What parents need to know
Parents Need to Know
Parents need to know that the opening scene in which Ketchvar takes over Tom's body by crawling up his nose may be upsetting to some sensitive readers. There are some bullying episodes, and a school counselor asks Tom if he has violent plans. Later, Tom is chased by men and dogs, and then kidnapped by local bullies who try to kill him. But even through all the pain and humiliation, Tom/ Ketchvar does see something good in humans that's worth preserving, stating that "Most humans are doing the best they can." This message might resonate well with readers who are struggling with their own insights about the cruelty of their peers, and of the adult world beyond it.
What's the story?
Tom Filber's body has been taken over by an alien name Ketchvar, who must decide the fate of humans on Planet Earth. Or has he? Perhaps Tom is really just a misfit teen who has created an insane fantasy life so as not to face school bullies (and bullying family members) in his painful suburban New Jersey life. Either way, Tom/ Ketchvar has certainly made a case for each side of humanity: both the bad (environmental disasters, cruelty, etc.) and the good, including his very sweet neighbor Michelle.
Is it any good?
This book has a little bit of everything: some romance, adventure, a little environmental awareness, and a compelling mystery right at its heart: Who or what is controlling Tom Filber's mind and body? The author paces his story well so that readers will start to wonder if it's all a fantasy just as the alien narrator asks, "Am I, Ketchvar III, really a part of Tom Filber, a defense mechanism of his that has taken control for a little while?" Readers will enjoy figuring out the puzzle, which is never fully resolved.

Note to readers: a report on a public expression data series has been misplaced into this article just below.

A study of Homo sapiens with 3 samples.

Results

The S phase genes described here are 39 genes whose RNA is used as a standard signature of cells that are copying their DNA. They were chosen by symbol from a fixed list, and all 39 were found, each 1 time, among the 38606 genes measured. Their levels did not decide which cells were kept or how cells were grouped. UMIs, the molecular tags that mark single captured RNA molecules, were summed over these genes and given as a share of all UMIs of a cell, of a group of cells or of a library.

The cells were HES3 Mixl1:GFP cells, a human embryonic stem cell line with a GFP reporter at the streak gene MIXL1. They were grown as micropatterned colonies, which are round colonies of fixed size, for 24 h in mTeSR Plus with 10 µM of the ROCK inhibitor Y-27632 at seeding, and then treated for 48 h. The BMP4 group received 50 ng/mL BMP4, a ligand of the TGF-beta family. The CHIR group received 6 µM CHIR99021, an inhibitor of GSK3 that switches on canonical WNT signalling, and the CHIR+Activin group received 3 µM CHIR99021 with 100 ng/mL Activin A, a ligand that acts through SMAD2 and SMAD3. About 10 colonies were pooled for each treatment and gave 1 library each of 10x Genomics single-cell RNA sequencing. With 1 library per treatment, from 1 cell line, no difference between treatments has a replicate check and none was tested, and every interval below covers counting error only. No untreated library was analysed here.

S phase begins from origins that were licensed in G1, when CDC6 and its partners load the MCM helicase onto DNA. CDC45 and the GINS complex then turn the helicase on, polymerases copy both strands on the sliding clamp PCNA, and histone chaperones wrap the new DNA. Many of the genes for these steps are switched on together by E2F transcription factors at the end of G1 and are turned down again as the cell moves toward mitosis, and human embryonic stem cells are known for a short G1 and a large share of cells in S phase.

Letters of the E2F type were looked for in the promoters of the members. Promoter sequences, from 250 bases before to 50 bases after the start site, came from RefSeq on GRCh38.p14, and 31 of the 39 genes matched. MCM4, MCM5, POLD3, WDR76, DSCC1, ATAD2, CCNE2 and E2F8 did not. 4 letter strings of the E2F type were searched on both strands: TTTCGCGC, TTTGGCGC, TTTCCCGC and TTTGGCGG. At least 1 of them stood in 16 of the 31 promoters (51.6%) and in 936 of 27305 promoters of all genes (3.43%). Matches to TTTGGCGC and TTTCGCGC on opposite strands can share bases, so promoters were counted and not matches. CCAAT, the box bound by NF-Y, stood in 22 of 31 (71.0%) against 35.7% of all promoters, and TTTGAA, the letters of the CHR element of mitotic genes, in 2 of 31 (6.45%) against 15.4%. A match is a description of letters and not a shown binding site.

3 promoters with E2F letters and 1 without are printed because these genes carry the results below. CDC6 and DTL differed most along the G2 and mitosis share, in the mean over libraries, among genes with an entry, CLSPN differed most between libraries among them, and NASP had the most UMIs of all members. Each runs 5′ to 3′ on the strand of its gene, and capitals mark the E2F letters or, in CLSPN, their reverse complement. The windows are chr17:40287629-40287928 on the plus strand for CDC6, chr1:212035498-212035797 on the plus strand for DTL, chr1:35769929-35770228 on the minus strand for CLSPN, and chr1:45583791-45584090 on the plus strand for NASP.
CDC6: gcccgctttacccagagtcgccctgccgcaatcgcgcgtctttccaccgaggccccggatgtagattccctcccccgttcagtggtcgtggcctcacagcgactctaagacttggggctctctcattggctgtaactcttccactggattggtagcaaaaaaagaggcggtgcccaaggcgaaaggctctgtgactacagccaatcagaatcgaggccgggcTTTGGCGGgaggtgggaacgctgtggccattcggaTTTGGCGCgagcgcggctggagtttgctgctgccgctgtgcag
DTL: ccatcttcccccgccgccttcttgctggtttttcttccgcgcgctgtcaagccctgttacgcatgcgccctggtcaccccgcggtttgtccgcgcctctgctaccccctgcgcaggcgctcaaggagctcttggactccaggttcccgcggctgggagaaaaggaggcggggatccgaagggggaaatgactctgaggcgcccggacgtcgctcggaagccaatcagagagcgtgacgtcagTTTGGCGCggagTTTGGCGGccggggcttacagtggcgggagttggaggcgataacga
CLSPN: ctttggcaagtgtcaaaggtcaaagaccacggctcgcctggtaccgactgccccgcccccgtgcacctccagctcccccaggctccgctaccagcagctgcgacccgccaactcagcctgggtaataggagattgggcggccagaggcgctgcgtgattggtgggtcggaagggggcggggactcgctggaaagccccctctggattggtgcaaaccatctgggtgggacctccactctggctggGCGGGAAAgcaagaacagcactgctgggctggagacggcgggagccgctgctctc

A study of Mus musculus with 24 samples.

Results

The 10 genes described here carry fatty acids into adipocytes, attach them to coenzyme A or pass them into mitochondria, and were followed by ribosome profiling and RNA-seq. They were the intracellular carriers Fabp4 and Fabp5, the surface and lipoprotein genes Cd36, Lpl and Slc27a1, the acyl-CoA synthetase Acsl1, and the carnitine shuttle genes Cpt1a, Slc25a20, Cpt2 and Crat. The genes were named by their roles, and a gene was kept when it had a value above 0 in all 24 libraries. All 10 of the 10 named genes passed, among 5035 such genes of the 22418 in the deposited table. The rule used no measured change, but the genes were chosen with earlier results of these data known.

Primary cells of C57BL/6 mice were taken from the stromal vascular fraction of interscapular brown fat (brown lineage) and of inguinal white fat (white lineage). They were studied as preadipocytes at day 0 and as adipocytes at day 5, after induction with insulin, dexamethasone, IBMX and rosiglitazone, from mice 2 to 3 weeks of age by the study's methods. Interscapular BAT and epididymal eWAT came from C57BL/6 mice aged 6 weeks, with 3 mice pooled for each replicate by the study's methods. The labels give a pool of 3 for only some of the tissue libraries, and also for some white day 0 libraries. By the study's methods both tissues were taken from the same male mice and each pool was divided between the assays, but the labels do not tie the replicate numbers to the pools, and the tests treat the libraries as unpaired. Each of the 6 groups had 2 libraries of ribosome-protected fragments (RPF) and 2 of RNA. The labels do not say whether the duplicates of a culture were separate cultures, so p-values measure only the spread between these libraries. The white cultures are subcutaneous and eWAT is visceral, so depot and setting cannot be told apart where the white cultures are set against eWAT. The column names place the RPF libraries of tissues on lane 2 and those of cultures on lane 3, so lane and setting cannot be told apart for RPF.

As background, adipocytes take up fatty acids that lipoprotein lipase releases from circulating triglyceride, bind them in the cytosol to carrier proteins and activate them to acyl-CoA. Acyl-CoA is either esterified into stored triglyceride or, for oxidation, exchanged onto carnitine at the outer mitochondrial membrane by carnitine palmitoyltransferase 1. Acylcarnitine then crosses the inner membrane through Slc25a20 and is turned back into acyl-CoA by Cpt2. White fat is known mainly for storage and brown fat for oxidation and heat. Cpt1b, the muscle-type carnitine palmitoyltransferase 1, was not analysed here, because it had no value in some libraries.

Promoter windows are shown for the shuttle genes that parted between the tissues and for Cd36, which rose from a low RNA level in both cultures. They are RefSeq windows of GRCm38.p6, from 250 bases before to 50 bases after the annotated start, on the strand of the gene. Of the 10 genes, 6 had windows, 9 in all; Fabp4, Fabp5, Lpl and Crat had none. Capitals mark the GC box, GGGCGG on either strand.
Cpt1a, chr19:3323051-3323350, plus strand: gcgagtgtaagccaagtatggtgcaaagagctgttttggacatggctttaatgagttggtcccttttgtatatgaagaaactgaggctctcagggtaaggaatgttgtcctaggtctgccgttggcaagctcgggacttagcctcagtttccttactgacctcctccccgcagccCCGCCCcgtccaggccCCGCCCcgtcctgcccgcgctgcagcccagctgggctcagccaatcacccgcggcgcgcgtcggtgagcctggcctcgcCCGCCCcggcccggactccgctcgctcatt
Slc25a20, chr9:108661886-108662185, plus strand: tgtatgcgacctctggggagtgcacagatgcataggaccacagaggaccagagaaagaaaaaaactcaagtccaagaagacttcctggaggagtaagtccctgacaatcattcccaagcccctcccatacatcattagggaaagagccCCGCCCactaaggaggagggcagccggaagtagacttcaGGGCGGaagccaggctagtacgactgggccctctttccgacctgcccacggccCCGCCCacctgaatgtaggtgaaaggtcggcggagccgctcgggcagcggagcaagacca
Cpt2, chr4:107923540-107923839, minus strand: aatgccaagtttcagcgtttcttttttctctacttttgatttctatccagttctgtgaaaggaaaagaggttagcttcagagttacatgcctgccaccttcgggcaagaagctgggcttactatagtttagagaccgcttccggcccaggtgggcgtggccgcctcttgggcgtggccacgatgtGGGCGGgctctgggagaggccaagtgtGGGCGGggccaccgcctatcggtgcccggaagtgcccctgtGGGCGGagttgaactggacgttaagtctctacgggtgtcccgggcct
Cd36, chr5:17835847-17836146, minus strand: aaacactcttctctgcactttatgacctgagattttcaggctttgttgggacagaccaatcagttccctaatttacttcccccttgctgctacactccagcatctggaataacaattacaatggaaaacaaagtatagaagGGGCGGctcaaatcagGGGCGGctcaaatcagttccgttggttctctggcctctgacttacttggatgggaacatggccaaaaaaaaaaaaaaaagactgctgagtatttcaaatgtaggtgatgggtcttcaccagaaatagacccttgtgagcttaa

Explore, discuss, enjoy
Families can talk about the book's ending. The conclusion allows readers to have their own ideas about what happened to Tom Filber. What do you believe? Was he really taken over by an alien? Do you like conclusions that are open to readers' interpretations or not?
Tom experiences a lot of bullying at school. Are there kids who mistreat other kids at school? What have you seen -- and how has the school dealt with it? Have you ever been singled out -- or been tempted to participate in bullying someone else? How could we make it easier for all kids to be accepted?
This book's marketing campaign is being tied into the 40th anniversary of Earth Day. In the book, Tom goes through some extremes -- including breaking and entering and being chased by security dogs -- in order to prove a local paint company is polluting the town's lake. Can you think of something a little less extreme to help celebrate Earth Day?